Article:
April - Whole Grains & Mushrooms

Whole Grains & Mushrooms
Whole Grains:
A grain is the edible seed inside a cereal crop.  These grains are comprised of four parts: the husk, the bran, the endosperm and the germ. The husk is inedible and has to be removed before it can be consumed. The bran is a thick inner covering that is made up of several layers. The germ is the part of the grain that produces the sprout for a new plant to grow, and the endosperm is the soft inner part of the grain that provides nourishment for the seed after it is germinated. A whole grain is one with all these components except the husk, if the grain no longer has the bran or germ there will be a loss of nutrients. Whole grains are known to be one of the earliest crops cultivated by humans. Grains have been consumed by humans and animals across the world as far back as 9000 B.C.E due to their high fiber and natural compounds that provide many health benefits. Humans use whole grains for bread, cereal, chips, pasta and stew. 

Mushrooms have a captivating history that spans millennia, and in New England, this history is richly intertwined with the region's diverse ecosystems. New Hampshire is home to a variety of mushroom species that have fascinated both ancient cultures and modern scientists.

One notable native mushroom species in New Hampshire is the Chanterelle (Cantharellus cibarius), prized for its delicate flavor and golden appearance. These mushrooms can be found in wooded areas, particularly in the late summer and fall months. Another common species is the Lobster Mushroom (Hypomyces lactifluorum), which grows as a parasite on other mushrooms, giving them a vibrant orange-red color and a unique taste reminiscent of seafood. New Hampshire forests also host the iconic Morel mushroom (Morchella species), which emerges in the spring and is highly sought after by foragers for its distinctive honeycomb-like appearance and nutty flavor. Additionally, the Hen of the Woods (Grifola frondosa), also known as Maitake, is a prized edible and medicinal mushroom found growing at the base of trees, particularly oak trees, in the region.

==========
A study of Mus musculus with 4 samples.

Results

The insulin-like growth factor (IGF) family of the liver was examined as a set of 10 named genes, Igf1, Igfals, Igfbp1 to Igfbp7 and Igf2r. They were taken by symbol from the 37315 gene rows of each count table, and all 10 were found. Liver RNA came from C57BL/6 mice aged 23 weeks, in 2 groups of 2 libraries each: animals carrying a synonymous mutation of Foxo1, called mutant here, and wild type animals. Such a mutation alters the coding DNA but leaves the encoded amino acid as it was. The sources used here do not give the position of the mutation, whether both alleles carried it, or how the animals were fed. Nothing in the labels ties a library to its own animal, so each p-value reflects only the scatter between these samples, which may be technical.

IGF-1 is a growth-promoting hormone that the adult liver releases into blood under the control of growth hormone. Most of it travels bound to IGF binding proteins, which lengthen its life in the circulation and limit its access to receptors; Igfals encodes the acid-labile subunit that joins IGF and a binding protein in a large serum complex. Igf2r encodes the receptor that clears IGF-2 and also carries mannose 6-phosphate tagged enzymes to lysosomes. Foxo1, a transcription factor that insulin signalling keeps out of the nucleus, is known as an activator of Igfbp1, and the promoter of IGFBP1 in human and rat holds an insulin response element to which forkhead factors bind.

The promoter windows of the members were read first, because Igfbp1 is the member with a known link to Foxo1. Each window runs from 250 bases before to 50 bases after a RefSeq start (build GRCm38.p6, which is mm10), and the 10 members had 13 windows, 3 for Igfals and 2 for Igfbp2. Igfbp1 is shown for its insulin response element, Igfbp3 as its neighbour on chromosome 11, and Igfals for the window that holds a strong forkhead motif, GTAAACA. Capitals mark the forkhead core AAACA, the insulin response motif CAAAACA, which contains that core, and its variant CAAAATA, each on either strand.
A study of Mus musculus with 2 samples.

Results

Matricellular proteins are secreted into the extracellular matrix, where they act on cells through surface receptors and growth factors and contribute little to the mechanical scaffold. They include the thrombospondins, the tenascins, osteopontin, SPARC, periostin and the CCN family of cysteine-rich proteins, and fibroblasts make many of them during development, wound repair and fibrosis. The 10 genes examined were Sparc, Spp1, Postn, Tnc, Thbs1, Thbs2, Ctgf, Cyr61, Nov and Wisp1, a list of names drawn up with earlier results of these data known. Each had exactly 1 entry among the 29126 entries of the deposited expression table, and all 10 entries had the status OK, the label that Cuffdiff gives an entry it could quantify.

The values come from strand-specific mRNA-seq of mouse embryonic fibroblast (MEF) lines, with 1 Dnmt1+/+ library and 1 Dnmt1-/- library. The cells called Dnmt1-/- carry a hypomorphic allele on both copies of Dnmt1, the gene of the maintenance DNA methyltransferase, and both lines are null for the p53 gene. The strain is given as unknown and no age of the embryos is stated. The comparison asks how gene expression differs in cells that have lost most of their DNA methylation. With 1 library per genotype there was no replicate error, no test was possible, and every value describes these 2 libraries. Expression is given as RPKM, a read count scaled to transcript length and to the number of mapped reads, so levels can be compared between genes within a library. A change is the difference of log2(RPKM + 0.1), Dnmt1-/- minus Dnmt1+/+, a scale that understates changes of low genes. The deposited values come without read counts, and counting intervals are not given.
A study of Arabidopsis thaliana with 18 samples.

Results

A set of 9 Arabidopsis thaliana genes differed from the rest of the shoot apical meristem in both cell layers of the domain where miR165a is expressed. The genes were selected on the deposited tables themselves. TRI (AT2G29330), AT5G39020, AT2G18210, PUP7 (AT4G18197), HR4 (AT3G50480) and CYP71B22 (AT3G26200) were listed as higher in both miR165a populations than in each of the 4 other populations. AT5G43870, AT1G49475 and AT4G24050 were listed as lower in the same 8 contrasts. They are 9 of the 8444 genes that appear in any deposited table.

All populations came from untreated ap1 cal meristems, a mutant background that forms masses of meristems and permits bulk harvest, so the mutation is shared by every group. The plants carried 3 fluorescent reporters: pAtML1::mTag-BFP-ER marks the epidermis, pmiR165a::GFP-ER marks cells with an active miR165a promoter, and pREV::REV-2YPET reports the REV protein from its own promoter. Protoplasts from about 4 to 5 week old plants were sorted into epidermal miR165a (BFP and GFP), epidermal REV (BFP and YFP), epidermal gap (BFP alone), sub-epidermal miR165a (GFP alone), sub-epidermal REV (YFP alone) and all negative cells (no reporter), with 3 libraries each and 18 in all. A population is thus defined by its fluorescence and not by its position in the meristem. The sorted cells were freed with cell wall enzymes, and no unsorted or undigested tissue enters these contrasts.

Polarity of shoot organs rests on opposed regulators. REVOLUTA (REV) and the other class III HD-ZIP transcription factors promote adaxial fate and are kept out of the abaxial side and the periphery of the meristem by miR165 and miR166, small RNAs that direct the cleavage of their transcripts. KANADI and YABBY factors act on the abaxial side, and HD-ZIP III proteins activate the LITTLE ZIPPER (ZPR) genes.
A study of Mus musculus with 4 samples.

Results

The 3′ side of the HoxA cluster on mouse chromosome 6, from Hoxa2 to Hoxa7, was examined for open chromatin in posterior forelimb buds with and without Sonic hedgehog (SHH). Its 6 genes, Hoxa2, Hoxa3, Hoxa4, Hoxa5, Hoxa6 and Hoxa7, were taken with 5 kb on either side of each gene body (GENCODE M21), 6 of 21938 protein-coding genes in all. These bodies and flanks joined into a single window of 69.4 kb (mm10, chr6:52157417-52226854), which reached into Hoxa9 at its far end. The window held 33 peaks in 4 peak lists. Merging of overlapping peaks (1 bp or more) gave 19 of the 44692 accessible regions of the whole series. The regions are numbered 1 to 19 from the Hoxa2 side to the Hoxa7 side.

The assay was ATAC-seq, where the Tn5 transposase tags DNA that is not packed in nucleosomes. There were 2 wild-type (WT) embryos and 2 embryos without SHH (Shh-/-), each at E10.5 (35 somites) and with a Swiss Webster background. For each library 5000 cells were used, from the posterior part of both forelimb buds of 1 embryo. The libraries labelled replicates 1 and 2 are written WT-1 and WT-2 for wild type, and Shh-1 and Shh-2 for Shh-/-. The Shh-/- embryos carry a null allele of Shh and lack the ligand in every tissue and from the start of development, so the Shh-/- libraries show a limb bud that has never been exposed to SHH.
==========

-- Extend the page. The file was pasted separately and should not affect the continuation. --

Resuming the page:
Fun Facts
  • Popcorn is a whole grain but there is only one variety of corn that can “pop”, this variety is called Zea mays everta.
  • Quinoa [keen-waa], is a whole grain that goes back to the ancient Incan civilizations and was so important they called it the “gold of the incas”.
  • Rice does not need to be planted in water but because it has a high tolerance to moisture it is planted in water to control weed and pests.

  • Whole grains fiber, protein, carbohydrates, vitamins and minerals like B & E vitamins, magnesium and iron in higher levels than refined grain.
  • Whole grains also reduce risks of heart disease, stroke, cancers, diabetes, and obesity if consumed in proper portions.
  • Mushrooms are a rich, low-calorie source of fiber, protein, and antioxidants.
  • Including mushrooms in your regular diet has been shown to reduce the risk of heart disease, cancer, and other illnesses, support a healthy immune system, and aid in digestion.